Historical Setting

When work began on the Parthenon in 447 BC, the Athenian Empire was at the height of its power. Work on the temple continued until 432; the Parthenon, then, represents the tangible and visible efflorescence of Athenian imperial power, unencumbered by the depradations of the Peloponnesian War. Likewise, it symbolizes the power and influence of the Athenian politician, Perikles, who championed its construction.

Some historians believe that Athens concluded a peace treaty with Persia in 449, two years before work began on the Parthenon. The significance of this would be that the Delian League/Athenian Empire continued to exist, even after the reason for its existence (a mutual defense league against the Persians) had ceased to be valid. In other words it was now openly acknowledged that Athens was not just the head of the Greek defense league but actually an imperial master over other Greek states. The decision by the Athenians in 454 BC to move the League treasury from the Panhellenic sanctuary at Delos to the Athenian acropolis points in the same direction. Because the Parthenon was built with League funds, the building may be read as an expression of the confidence of the Athenians in this newly naked imperialism. But the piety of this undertaking should not be underestimated; the Persians had sacked the temples on the Athenian acropolis in 480, and rebuilding them fulfilled, in Bury’s words, the Athenians’ “debt of gratitude to heaven for the defeat of the Mede.”

Architectural Features

The Parthenon is a Doric peripteral temple, which means that it consists of a rectangular floor plan with a series of low steps on every side, and a colonnade (8 x 17) of Doric columns extending around the periphery of the entire structure. Each entrance has an additional six columns in front of it. The larger of the two interior rooms, the naos, housed the cult statue. The smaller room (the opisthodomos) was used as a treasury. Here is a plan of the temple:


The Orders

The three main types of columns used in Greek temples and other public buildings are Doric, Ionic, and Corinthian. The truest and most basic difference among the orders has to do with proportions (Doric columns, for example, being thicker and shorter, Ionic columns taller and slimmer). As a shortcut, the orders may be distinguished most easily by their capitals (the tops of the columns). As you can see from the following examples, the Doric capital has the simplest design; the Ionic has the curlicues called volutes, and the Corinthian has the acanthus leaves:


Doric is not only a type of column, but an “order”; this means that temples of the Doric order not only have this type of column, but also have a certain structure at the upper levels. The different types of orders (column plus entablature) are illustrated by these diagrams, from Perseus: Doric order, and Ionic order. The Doric order is characterized by the series of triglyphs and metopes on the entablature. Each metope was occupied by a panel of relief sculpture.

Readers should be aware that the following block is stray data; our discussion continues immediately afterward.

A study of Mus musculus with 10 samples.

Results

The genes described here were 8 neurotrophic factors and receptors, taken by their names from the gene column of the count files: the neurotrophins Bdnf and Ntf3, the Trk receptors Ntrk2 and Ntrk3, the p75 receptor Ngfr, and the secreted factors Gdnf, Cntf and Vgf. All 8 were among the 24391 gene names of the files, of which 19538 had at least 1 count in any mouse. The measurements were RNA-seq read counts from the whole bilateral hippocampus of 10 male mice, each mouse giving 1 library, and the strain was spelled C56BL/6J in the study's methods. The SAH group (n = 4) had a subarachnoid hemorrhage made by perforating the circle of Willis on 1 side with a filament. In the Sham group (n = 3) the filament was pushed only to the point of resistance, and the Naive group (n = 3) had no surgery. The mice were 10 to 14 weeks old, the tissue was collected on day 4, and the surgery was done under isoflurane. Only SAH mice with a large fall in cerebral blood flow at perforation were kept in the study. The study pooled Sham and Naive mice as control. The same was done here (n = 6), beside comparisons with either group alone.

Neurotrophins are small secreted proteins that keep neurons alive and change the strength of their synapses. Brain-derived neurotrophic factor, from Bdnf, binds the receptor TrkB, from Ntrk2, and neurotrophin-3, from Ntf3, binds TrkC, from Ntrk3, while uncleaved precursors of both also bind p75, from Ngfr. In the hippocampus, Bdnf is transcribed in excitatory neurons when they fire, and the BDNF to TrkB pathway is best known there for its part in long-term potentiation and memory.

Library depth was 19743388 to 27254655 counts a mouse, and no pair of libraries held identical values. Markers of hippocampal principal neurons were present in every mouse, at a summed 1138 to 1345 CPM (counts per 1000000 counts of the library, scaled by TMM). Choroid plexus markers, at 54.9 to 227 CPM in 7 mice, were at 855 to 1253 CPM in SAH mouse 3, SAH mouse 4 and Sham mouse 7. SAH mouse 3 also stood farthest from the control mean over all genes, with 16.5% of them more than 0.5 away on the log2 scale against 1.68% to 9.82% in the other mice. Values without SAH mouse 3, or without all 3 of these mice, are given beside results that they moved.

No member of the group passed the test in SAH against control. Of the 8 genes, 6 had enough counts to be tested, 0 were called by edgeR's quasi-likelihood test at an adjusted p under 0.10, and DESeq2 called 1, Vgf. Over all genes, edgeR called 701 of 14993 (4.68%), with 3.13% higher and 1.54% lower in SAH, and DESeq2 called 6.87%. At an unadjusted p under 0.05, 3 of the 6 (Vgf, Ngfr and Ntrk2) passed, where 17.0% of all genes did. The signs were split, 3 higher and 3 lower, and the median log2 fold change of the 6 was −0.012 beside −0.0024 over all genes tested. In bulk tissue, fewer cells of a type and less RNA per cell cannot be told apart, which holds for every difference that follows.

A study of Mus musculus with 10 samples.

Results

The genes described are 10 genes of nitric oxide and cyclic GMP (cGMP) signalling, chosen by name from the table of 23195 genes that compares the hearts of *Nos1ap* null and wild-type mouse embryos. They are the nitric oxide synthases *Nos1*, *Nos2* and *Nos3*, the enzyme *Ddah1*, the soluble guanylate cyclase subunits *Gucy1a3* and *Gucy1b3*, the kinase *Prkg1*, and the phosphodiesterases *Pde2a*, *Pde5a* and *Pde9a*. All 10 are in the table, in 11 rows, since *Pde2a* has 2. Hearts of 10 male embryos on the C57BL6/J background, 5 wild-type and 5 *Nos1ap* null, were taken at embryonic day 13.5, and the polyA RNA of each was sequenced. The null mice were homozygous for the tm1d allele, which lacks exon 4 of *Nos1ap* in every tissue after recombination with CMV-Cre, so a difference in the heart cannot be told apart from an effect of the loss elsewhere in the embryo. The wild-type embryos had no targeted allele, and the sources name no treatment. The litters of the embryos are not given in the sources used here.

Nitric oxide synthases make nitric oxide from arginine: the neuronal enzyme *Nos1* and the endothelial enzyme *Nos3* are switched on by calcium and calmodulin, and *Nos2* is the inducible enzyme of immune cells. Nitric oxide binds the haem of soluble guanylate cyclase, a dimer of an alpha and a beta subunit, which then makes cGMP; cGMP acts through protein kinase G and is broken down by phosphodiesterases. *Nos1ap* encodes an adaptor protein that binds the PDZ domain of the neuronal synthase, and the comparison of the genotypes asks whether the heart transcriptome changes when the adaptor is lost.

The Metopes

The metopes of the Parthenon all represented various instances of the struggle between the forces of order and justice, on the one hand, and criminal chaos on the other. On the west side, the mythical battle against the Amazons (Amazonomachy); on the south, the battle between the Lapiths and the Centaurs (Centauromachy); on the east, the battle between the gods and the giants (Gigantomachy); on the north, the Greeks versus the Trojans. Of the panels the best preserved are those showing the Centauromachy. Here are South Metope 31 and 30 (compare the discussion in Pollitt, Art & Experience, 82-83):


The Pedimental Sculptures

These relief sculptures, larger than those of the metopes, occupied the triangular space above the triglyphs and metopes. Those at the west end of the temple depicted the contest between Poseidon and Athena for the right to be the patron deity of Athens (Athena’s gift of the olive tree was preferred over Poseidon’s spring). The eastern pedimental group showed the birth of Athena from Zeus’ head. The pedimental sculpture suffered badly when the Parthenon was hit by a Venetian shell in 1687 and the powder magazine inside exploded. This reclining god (probably Dionysus) from the east pediment gives some sense of the quality of the sculpture:


The Frieze

The Parthenon frieze runs around the upper edge of the temple wall. Its relatively small size (3 feet 5 inches tall) and placement (inside from the triglyphs and metopes) made it fairly hard to see from the ground. Unlike the metopes, the frieze has a single subject on all four sides. On three sides (north, west, and south) it depicts a procession of horsemen, musicians, sacrificial animals, and other figures with various ritual functions. On the east side there is a scene centered on a child handing a folded cloth to an older man. On one side of them seated gods and goddess are in attendance; on the other, two girls are carrying something. Although the state of preservation is poor, the interpretation of the subject has hotly debated. Most scholars agree that it represents the Panathenaic procession, but some think it is a mythical, “original” procession, while others believe that it is the procession which took place in the same period as the temple was built, and that this illustrates the (over-)confident spirit of the Athenians, who dared to put themselves where ordinarily only gods and heroes might be found.

Recently the debate has taken a new turn with the publication of a radical original theory by Joan B. Connelly. Here is a detailed summary of Connelly’s ideas and some questions about them. Connelly’s theory depends on a reinterpretation of this scene from the east frieze.